By all accounts Mark Bolland, assistant private secretary to Prince
Charles, is clever, shrewd and a master of diplomacy. But he is also
something of an enigma.
From a Middlesbrough comprehensive he has risen, quickly but quietly,
through a series of increasingly high-flying jobs. But apparently with
none of the brash, naked ambition you might expect from one who has
climbed so high. Former colleagues describe him as ’a bit of a thinker
and and very cautious, particularly about anything to do with
The few personal details that have emerged are of a fairly normal
bachelor of 30. He is said to be something of a Dr Who fan; likes cats,
political biographies and eating out. But while most graduates of his
age are just getting into their stride Bolland has hit the jackpot. He
joined the Palace last August and, if the headlines over the last few
weeks are to be believed, will be a prime mover in the latest bid by HRH
to project a more sympathetic image.
In fact the truth may be rather more prosaic.The Prince’s press
secretary Sandy Henney is quick to rebut any claims of yet another media
’relaunch’ of the Prince and says Bolland’s exact role is evolving as
Stephen Lamport, Charles’ newly-arrived private secretary, reviews his
portfolio and reassigns duties.
Bolland will, says Henney, be: ’exceptionally useful to Charles’s staff
because of his knowledge and contacts’, but as a communications adviser
rather than a PR man.
Indeed a behind the scenes role would seem to be much more suited to
Bolland’s character. ’He’s a fixer not a PR man,’ says a friend from the
world of public affairs.
Bolland went straight into a career in public affairs after graduating
from York University, first with a Canadian PR consultancy and then into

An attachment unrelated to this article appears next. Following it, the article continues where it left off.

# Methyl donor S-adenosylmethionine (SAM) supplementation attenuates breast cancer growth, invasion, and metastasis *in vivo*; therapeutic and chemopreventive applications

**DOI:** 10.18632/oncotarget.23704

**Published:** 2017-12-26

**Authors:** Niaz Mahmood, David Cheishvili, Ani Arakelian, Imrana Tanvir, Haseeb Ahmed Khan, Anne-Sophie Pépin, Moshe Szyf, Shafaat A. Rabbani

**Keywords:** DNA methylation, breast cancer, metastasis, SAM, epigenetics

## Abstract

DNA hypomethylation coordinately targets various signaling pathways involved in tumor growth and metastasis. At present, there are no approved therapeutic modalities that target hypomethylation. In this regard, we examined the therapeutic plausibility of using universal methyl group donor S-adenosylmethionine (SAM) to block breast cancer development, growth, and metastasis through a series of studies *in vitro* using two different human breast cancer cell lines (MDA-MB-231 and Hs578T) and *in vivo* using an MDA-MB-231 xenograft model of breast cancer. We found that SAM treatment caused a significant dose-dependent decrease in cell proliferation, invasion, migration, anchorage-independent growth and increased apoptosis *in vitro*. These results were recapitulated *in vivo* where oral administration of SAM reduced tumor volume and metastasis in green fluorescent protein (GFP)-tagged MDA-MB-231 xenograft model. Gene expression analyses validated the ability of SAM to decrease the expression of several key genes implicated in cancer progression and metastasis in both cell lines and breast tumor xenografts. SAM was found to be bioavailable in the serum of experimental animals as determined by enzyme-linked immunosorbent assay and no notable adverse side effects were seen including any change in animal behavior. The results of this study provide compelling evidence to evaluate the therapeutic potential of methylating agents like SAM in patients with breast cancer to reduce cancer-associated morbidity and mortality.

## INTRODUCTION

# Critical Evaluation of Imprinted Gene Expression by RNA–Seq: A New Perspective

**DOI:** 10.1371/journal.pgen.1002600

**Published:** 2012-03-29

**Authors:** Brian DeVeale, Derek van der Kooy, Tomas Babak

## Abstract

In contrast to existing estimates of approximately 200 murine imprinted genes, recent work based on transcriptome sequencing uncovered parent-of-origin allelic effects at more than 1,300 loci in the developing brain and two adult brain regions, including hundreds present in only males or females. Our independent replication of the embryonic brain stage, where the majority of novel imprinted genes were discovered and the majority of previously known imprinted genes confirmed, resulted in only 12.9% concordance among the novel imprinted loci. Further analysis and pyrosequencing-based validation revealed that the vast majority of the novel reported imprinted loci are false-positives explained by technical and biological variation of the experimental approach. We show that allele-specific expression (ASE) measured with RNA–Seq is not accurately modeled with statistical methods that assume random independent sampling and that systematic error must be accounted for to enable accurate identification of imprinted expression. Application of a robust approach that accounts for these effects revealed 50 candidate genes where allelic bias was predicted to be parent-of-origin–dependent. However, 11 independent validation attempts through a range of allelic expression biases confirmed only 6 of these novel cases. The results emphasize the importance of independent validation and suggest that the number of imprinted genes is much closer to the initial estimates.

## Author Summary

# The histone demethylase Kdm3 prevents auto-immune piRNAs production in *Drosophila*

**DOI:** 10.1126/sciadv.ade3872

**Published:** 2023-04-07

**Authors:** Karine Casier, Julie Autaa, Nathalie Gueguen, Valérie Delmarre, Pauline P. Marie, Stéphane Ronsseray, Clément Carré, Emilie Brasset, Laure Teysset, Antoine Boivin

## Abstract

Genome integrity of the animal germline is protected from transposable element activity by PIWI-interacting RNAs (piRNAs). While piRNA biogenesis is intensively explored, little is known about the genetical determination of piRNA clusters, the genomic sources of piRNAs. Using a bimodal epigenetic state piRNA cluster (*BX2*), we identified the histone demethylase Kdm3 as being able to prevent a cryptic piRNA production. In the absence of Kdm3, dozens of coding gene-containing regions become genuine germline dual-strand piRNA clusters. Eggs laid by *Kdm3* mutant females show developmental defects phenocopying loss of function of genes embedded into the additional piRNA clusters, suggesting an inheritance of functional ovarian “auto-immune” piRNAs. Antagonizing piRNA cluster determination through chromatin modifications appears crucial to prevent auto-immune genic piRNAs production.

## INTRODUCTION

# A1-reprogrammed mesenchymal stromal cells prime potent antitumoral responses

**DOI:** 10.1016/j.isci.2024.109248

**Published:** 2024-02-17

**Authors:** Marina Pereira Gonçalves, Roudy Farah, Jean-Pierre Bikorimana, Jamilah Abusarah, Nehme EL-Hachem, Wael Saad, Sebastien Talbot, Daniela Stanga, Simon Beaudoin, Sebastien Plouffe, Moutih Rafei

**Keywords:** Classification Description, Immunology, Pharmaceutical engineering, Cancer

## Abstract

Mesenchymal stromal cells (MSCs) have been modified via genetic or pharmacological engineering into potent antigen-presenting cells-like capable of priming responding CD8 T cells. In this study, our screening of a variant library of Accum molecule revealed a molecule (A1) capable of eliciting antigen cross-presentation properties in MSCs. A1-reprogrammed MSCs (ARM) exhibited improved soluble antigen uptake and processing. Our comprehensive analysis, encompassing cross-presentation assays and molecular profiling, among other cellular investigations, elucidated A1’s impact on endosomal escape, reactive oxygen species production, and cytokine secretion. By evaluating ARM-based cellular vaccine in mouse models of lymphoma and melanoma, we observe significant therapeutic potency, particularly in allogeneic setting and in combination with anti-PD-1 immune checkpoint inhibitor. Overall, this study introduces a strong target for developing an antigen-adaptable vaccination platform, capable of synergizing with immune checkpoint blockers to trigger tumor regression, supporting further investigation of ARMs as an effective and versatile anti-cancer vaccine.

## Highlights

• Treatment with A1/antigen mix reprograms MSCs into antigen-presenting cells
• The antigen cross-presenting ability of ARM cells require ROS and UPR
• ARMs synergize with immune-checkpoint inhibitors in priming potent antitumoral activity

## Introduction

marketing with IBM in the UK. It would be fair to say that until this
point his career was fairly undistinguished. But by the time he joined
the Advertising Standards Authority in 1988 his potential was becoming
apparent to his bosses. According to Caroline Crawford, now director of
communications for the ASA: ’He clearly had the ability to succeed in
Crawford highlights the political awareness for which he is well known
and which was put to good use as adviser to the ASA’s director general,
Lord McGregor. So much so that Bolland followed Lord McGregor to the
Press Complaints Commission when he became its chairman. Subsequently,
aged just 26, he became the director of the PCC.
One seasoned media correspondent commented: ’He has sharp political
antennae and this incredible nous to realise what is going to run and be
embarrassing and what is going to go wrong. He developed that skill at
It was, apparently, McGregor’s successor Lord Wakeham who pulled a few
strings and recommended Bolland as a press aide to the Prince. Many will
not envy him such a demanding role but as one friend says ’he likes
being at the centre of things’.
His maturity belies his years - as one journalist observed: ’For someone
aged 30 he has the sophistication of a 50-year-old.’ Crawford says that
even when she knew him in his early twenties, ’he never conveyed the
impression of being young.’ But far from being a young fogey she says:
’He had a mature and sensible approach to work.’
Industry sources suggest that he will take a fairly innovative approach
to the job of presenting Charles in a better light.
He is certainly no stranger to Royal affairs and it has been rumoured
that he warned Diana’s advisers against the Panorama interview. But, as
one Royal PR adviser points out, the idea that Bolland is telling the
Prince what to do is more media invention than reality. ’He (Charles)
doesn’t even like PR people,’ he says.
1987: Adviser to director general of the ASA
1988: Executive assistant to chairman of PCC
1992: Director of PCC
1996: Assistant private secretary to Prince Charles.